Clorox is voluntarily publishing the contents of 650 products as part of an ingredient labeling initiative. This move will make it much easier for facilities professionals to make more educated decisions about which cleaning products to use, an especially critical consideration in buildings that are pursuing green certification and need to verify product health.
The rollout includes a full list of ingredients on the container labels of all 350 registered household disinfectants, as well as the 300 non-registered Clorox products covered by the Cleaning Product Right to Know law in California. This law requires online disclosure by Jan. 1, 2020.
Similar legislation is under consideration in Maryland, Minnesota and Oregon and a similar law passed in New York in 2017, so more companies may follow Clorox’s lead soon to continue selling cleaning products in those states.
The company will also add 400 cleaning products and 40 food products to SmartLabel, a searchable online portal that shares accurate product information directly from manufacturers.
“Clorox’s decision to go above and beyond the requirements of the law is consistent with our pioneering approach to ingredient transparency within our industry,” explains Benno Dorer, Clorox chair and CEO. “We’re proud to continue building on these efforts as part of our overall commitment to good growth that’s profitable, sustainable and responsible.”
Product transparency and material health information are increasingly important for both health-conscious building occupants and for earning credits toward building certifications like LEED and the Living Building Challenge.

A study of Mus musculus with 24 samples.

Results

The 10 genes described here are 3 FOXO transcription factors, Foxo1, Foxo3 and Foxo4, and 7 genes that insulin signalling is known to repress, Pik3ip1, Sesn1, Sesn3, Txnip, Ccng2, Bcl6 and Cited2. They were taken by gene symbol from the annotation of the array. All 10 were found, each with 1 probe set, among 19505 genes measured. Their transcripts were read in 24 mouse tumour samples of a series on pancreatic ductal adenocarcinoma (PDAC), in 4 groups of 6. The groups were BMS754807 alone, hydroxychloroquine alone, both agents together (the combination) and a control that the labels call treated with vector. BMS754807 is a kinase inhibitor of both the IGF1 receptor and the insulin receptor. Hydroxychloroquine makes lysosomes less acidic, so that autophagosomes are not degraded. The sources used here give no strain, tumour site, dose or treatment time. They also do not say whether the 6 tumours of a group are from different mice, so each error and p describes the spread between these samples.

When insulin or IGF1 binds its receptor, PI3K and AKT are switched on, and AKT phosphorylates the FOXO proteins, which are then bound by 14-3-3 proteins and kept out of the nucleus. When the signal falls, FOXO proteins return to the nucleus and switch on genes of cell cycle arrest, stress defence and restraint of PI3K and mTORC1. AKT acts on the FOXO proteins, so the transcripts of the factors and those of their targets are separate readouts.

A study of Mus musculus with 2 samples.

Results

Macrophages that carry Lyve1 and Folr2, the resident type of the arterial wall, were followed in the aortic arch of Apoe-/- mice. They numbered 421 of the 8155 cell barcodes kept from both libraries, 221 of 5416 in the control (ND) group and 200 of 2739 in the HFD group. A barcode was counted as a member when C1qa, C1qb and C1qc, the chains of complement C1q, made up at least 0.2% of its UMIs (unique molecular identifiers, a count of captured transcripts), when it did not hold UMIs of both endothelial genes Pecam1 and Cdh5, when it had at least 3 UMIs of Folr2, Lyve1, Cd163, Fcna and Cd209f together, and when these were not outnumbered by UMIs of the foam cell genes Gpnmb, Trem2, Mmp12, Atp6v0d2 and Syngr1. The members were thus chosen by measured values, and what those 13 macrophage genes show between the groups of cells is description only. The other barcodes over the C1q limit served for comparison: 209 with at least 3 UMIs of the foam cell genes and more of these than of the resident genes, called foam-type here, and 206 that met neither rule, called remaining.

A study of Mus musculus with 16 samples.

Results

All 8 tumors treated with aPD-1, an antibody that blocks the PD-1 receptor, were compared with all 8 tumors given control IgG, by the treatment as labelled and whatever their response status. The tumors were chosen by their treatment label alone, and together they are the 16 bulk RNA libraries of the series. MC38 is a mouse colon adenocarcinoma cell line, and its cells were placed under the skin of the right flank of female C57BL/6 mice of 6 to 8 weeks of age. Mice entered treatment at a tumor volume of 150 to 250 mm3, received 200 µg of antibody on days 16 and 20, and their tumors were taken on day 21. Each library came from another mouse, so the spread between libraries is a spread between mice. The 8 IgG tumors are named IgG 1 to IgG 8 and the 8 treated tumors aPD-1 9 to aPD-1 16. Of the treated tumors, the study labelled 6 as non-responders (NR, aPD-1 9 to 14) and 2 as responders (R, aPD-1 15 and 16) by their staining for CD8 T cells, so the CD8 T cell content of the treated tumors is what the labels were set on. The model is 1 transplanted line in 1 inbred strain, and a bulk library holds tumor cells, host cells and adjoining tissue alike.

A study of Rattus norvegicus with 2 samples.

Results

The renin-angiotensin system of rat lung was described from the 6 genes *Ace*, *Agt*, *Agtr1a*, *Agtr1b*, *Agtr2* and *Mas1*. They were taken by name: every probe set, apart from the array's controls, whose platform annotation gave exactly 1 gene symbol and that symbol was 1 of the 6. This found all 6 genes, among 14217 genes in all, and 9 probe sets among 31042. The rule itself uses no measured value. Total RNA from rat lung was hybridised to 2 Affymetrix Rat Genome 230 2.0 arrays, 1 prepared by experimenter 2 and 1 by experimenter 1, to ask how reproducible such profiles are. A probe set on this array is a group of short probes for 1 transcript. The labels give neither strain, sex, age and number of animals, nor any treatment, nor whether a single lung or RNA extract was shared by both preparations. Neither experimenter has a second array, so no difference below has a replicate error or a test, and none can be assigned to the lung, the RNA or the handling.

However, differing approaches to product health have led to a diversity of product information sources. None of the available ecolabels are necessarily better or more important than the others, but choosing the right transparency labels (and the right products) means asking yourself a few important questions.
- Are you simply trying to research the relative environmental impact of ingredients you already know, such as the ones Clorox will soon release? If so, the Pharos Project might be your best bet. This database catalogs chemicals, polymers and other materials that might show up in your products.
- If you prioritize certain aspects of material health, you might benefit more from looking at specialized product health certifications. These include the Cradle to Cradle Product Standard, GREENGUARD (a certification that focuses on VOC emissions) and Health Product Declarations (which focus on human health impacts).
- A procurement policy that focuses more on transparency and the availability of information is better aligned with labels like Declare (a “nutrition label” of sorts that lists ingredients, end of life disposal information, life expectancy and other factors) or resources like Environmental Product Declarations, which are longer, more detailed documents that walk readers through the environmental impacts of a product’s entire lifecycle but don’t necessarily imply that the product is environmentally superior to its competitors.
- Shopping for a particular type of product will be easier when you limit your ecolabel search to certifications for specific product types, such as FloorScore for flooring or these three options for wood and paper products.
When it comes to janitorial products, however, the coming implementation of the Cleaning Product Right to Know Act may be the most comprehensive resource available.
The law requires disclosure of all intentionally added ingredients, as well as any nonfunctional constituents that make up more than 0.01 percent of the product, Chemical Abstracts Service identification numbers for the ingredients, links to hazard safety data sheets and more.
And, like Title 24 before it, this law will likely impact best practices across the country sooner rather than later even if other states don’t implement a similar requirement.